How Omnicom kept Visa in the family


Then, in a move that smacks of irony, Visa less than six months later handed its $330 million ad business to Sprint's consumer agency, TBWA/Chiat/Day, Playa del Rey, Calif., ending a 20-year relationship between BBDO and one of its biggest clients. But thanks to an effective late-inning effort from Omnicom President-CEO John Wren, what could have been a rare loss for Omnicom goes on the books as a save, giving the typically hands-off holding-company chief a rare moment in the spotlight positioning Omnicom as the only place Visa wants to be.

The souring relationship between BBDO and Visa led Mr. Wren, who usually defers client matters to his agencies, to get into the mix just as Visa approached search consultancy Select Resources International about conducting a review that would include agencies owned by other holding companies. As exploratory discussions were getting under way, Mr. Wren persuaded Ms. Lyons to limit her search to Omnicom shops, leading to a shootout between TBWA, Goodby, Silverstein & Partners and BBDO. The last agency, at a meeting in New York, had threatened to bail on the account if it was taken outside Omnicom.

In an interview last week, Ms. Lyons acknowledged Mr. Wren's role and said the review was triggered by a changed marketplace in which Visa no longer needs to emphasize how widely it's accepted by merchants. Visa is No. 1 in terms of share of cards in force, with 51%, according to MasterCard has 38%. Visa has overhauled its management, hiring two former Charles Schwab executives: CEO John Philip Coghlan and Ms. Lyons.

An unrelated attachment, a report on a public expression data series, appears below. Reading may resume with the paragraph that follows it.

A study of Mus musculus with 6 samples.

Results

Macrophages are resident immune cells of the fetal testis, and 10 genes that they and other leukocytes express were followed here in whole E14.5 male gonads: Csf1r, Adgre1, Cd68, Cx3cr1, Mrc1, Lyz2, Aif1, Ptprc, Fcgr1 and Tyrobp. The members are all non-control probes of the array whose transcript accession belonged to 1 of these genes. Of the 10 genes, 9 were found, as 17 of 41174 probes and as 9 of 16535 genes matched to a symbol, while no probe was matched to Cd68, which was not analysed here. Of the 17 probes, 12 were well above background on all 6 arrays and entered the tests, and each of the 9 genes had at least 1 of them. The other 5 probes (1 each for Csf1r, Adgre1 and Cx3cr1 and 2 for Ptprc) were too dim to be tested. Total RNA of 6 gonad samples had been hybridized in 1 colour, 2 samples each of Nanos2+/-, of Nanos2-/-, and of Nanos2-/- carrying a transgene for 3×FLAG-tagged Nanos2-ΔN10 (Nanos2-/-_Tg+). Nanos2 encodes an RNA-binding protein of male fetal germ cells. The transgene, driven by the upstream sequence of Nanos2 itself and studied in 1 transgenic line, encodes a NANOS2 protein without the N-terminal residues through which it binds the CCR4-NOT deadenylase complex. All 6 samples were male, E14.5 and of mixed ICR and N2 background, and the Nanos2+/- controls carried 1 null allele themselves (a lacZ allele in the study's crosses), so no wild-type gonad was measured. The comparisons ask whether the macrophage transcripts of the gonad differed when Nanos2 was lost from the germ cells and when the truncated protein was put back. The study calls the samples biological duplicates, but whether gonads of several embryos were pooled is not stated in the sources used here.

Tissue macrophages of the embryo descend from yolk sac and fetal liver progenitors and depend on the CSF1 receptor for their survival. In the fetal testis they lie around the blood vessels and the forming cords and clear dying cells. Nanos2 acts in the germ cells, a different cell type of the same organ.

"We want to help people see we are broader than a credit card and a piece of plastic," she said. "Product innovation is becoming more important."

For instance, Visa has developed a credit-card design that will be issued next year and it's changed its logo to one that's easier to fit on new payment forms such as mini cards and contact-less cards. The messaging will be focused on security and convenience. She said it hasn't been determined whether creative developed for the Super Bowl will bear a new tagline or whether that will come later.

`new thinking'

TBWA's work, believed by executives familiar with the situation to strike a more emotional chord, fared better in quantitative and qualitative testing. Ms. Lyons would only say that the agency presented "excellent new thinking." The win adds to a good run for TBWA, which was successful earlier this year in winning consumer ad duties for Sprint Nextel.

For BBDO, the loss of Visa as the marketer changes its approach is a major blow that's softened considerably by the fact that the agency has hauled in about $1 billion in new billings this year. "We're disappointed," said a spokesman. "But it's still been a record-setting year." BBDO is holding on to the Visa business in other parts of the world.

Among those new clients is Bank of America, which BBDO will handle as part of an Omnicom victory earlier this year. It's unclear whether BBDO will handle BofA's newest acquisition, the affinity-credit-card issuer MBNA.

The big loser in all this may well turn out to be Goodby, which resigned Discover Card, an $80 million account, to take part in the Visa pitch. The account is now in review managed by SRI.

Asked whether the agency regretted the move, a Goodby executive replied, "Not at all," adding that it would have been wrong to pursue the business of a competitor while still working for Discover.